Rosencrantz & Guildenstern are Dead (2013)
By Tom Stoppard
Directed by Beth Homan

Rosencrantz & Guildenstern (R&G) are Dead is a play that follows the adventure of two minor characters from Shakespeare's Hamlet. In this absurdist play there are many meta-theatrical moments in action and within the text. The concept for this performance was a stage reading to let the words shine. Because of this the major design elements were Sound and Video. My concept for the sound design was to lean into the absurdity and draw references from pop culture in a nod to updating Shakespeare for the current audience. Projection was all projected by a rear projector onto the cyc and would create backgrounds and transitions. 

Preshow, Intermission and Post Show

For Preshow, Intermission and Post show, I chose music by Elvis Costello and Tom Waits. To me these artist had songs that were stories unto themselves with whimsical and sometimes dark themes that were reflected in the text. I also liked the use of atypical sounds and rhythms which to me were mirrored in the absurdity of the text.

Coin Game

One reoccurring moment in the show was what we called "The Coin Game". This was when the characters would flip a coin and it would continuously land on heads. The improbability of this helped to heighten the absurdity of their world. To underscore this I looped the introduction of "The Earth Died Screaming" by Tom Waits. This song had a percussive rhythmic opening that added to the whimsy of the moment. Using it as a theme helped the audience to understand that the coin game was a significant occurrence.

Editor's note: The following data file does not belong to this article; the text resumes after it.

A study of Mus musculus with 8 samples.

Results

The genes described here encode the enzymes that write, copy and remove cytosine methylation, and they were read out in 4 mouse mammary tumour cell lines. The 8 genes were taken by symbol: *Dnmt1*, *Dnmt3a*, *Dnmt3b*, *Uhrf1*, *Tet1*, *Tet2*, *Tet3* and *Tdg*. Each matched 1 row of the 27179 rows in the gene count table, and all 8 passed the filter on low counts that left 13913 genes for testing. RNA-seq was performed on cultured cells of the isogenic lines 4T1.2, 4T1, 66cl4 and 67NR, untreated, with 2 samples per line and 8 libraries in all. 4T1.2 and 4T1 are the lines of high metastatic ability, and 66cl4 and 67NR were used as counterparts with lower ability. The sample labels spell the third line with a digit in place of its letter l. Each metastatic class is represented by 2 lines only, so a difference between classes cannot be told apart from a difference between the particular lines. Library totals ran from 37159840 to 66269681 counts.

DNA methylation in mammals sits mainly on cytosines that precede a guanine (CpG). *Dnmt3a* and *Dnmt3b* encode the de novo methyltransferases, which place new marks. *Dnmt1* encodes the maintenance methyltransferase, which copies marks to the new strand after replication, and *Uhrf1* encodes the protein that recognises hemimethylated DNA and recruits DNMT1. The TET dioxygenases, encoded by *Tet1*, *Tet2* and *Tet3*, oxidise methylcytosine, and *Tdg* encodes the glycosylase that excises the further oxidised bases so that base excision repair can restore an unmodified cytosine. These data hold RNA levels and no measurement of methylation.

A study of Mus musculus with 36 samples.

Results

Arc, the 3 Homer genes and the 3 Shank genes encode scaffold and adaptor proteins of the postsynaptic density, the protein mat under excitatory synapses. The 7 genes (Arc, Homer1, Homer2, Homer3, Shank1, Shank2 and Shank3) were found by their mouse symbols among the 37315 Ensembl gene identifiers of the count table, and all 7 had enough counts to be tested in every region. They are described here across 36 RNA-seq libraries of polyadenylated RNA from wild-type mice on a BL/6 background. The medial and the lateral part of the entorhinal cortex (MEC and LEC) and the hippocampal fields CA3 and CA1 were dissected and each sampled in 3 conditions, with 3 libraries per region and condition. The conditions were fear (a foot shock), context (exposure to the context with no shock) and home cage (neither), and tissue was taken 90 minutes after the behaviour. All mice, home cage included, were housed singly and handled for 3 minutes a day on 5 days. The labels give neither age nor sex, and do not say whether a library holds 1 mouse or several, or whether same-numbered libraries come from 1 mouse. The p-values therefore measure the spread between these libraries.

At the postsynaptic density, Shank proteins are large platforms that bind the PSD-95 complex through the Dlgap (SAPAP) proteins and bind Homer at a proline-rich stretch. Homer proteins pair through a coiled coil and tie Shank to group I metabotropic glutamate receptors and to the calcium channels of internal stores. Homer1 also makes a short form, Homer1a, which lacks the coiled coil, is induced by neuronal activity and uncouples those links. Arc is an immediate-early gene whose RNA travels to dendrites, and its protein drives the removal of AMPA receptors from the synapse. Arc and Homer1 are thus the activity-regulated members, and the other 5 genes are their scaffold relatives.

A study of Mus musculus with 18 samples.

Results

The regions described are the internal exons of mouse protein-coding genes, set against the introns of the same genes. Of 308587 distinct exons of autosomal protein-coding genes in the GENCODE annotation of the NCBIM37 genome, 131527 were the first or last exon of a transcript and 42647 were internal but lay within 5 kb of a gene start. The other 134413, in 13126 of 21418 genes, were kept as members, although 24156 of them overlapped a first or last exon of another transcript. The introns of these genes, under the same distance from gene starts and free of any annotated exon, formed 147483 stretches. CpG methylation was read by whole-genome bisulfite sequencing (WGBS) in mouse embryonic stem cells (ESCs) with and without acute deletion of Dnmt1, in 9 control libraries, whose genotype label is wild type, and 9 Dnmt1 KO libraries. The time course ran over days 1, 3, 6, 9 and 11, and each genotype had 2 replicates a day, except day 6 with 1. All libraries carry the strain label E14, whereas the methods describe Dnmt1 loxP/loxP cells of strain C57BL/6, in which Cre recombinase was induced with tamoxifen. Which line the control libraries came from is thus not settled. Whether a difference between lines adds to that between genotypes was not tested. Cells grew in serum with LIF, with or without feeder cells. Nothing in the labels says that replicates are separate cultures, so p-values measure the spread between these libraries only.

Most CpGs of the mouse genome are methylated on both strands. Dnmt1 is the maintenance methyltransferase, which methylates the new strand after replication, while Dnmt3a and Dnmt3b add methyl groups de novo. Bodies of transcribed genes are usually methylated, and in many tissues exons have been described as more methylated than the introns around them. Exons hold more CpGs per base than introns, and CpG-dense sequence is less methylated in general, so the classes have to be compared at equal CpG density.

Wormhole Moments

During the show there were several instances that we called "Wormhole Moments". These were when the characters suddenly found themselves in another location and the text had shifted from modern english to the Shakespearian text of Hamlet. Part of what we wanted to do with these moments was to pull the audience out of the show to make them think about what is happening. We also wanted these moments to be influenced by pop culture. For example: When Rosencrantz says "I hear a band." indicating the band of players, a hodgepodge of 20th and 21st century bands played before settling on a period appropriate "Shakespearian" song.

The Players

In order to place the Players in the world they carried and played their instruments live on stage. However in an effort to confuse the characters (and the audience) and heighten the absurdity of the production the performers were also pre recorded and played from numerous sources before their entrance.